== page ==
Nomads preserve their ancestral way of life
Nomadic sheep-breeders in eastern Turkey, spending the winter and spring in their tents, continue to preserve the generations-old livelihood they inherited from their forefathers.
In Dedepınari, a village near the city center of Elazığ province, seven families consisting of 35 people eke an existence in harsh conditions far from the blessings of modern technology.
Despite the difficult conditions, the families are content in their labor, even amid the multitude of chores that comes with the birth of new lambs in mid-February.
The nomads keep their animals in their pen throughout the day and week during the lambing period. They feed and take their animals to the meadows before sunrise and let the ewes meet their lambs. Otherwise, the offspring are kept away from their mothers.
With the opening of the pen gates, the lambs rush in excitement to near-instantly find their mothers among the hundreds of ewes. After suckling, they are once again separated from their mothers.
Set out in summer
Taking care to protect the newborns from the cold and disease, and making sure they are well-fed, the nomads set out with their herds for the plateaus in the Karlıova region of Bingöl province from their previous mountainous areas, trekking for two-week to find more fertile pastures for their animals.
In their daily lives, while men take care of animals, women take care of the children, clean the pens, prepare the water and food for animals when needed and perform household chores.
Besides their school lessons, children help their parents with the daily works, spend time with newborn lambs and play games around the tents.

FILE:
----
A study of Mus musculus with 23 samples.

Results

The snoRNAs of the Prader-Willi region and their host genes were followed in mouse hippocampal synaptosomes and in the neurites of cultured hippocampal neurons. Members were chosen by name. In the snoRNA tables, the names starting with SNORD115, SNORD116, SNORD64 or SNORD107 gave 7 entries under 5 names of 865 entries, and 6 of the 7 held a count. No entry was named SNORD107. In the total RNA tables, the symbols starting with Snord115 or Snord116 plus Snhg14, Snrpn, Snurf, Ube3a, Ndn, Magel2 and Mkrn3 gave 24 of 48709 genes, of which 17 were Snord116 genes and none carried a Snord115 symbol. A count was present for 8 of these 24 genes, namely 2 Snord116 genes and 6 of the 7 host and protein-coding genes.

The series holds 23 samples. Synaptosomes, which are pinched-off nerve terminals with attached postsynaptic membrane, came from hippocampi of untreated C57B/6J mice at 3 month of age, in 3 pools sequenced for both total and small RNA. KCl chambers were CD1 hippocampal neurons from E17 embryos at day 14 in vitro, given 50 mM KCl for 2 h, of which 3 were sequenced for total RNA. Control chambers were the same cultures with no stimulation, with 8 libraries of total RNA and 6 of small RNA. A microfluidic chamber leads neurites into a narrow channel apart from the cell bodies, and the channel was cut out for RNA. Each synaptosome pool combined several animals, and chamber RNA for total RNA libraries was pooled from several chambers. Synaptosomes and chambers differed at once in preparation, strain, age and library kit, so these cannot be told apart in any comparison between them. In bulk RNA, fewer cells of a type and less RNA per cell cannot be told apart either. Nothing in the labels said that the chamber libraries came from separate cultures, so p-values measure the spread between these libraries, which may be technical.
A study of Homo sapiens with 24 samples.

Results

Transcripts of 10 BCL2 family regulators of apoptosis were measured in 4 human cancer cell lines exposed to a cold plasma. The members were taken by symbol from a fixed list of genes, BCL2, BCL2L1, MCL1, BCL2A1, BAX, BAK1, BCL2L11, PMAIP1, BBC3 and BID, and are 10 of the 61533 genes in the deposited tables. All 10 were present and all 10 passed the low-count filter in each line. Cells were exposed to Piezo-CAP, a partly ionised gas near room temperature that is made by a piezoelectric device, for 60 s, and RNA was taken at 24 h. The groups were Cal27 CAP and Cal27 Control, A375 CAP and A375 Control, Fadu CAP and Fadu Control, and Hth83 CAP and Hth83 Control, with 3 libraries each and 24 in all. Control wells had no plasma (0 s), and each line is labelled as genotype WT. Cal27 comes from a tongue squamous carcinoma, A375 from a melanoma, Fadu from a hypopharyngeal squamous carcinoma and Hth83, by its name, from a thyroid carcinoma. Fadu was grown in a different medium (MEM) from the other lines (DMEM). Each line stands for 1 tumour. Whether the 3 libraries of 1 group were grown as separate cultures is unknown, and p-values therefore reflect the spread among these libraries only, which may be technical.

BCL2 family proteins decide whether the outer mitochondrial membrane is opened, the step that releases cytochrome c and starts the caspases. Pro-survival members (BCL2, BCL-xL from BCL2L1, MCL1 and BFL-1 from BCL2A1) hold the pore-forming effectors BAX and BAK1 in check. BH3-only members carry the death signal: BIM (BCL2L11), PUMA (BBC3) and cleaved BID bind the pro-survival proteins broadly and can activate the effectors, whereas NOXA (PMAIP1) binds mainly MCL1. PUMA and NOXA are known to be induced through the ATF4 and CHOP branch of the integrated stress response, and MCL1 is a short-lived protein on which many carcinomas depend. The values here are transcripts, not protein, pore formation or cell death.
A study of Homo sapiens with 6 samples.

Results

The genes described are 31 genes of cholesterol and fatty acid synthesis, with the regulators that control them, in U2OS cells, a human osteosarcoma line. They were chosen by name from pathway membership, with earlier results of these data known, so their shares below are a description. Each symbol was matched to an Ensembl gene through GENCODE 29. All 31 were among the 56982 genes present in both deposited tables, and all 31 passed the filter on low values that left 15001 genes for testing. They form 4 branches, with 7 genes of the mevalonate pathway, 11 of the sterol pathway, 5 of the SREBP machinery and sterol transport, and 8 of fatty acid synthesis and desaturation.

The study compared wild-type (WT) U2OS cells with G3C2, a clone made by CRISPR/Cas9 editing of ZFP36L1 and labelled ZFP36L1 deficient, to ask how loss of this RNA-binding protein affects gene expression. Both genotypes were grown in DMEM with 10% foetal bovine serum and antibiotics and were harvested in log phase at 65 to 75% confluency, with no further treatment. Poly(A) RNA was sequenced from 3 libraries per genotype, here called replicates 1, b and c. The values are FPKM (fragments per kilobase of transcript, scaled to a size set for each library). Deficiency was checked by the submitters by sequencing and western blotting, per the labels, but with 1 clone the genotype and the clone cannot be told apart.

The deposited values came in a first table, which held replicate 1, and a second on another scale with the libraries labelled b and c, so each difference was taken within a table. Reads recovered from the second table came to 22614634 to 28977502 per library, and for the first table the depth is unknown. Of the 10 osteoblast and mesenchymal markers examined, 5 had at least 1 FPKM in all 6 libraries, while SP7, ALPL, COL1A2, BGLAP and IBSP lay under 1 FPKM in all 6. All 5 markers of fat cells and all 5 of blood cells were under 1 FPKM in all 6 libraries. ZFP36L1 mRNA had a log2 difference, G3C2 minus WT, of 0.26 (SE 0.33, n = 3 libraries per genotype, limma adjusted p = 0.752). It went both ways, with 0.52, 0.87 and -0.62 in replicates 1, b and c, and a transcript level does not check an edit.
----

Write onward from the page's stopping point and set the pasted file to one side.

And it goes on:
'We have been nomads for centuries'
Huseyin Akalan, one of the nomads, told Anadolu Agency that he spent all his life among the herds. Along with his family, he fondly carried out the job he inherited from his father and grandfather.
He stated that while they used to take their herds to the southeastern province of Sanliurfa in the past, they had been taking them to Elazig for the last five years. "We have been leading a nomadic life for centuries, since our ancestors and grandfathers. With our family and children, we spend our lives in tents. Living as nomads is hard. But is there an easy way to earn a living? All occupations are difficult. This is our way of life".
Zeki Akalan said that nomadism is a lifestyle and they could not take up any other occupation but sheep and goat breeding.
"Living in tents is difficult, it's freezing in the winters. We love our jobs. We're content with our lives," he said.
Muhabbet Akalan said she and her husband had raised three children in the tents. While they are used to living the nomadic life, their growing children did not intend to follow the same way of life, she added.
Akalan said their children wanted to pursue their education and a career in a different field. "We didn't have the opportunity to go to school, so we want our kids to get an education."
Dilek Akalan, an elementary school student, said living in tents was hard, but she got used to it for lack of other options.
Dilek said she wants to graduate, get a job and leave the nomadic way of life. "I love my school. I want to be a prosecutor when I grow up," she said.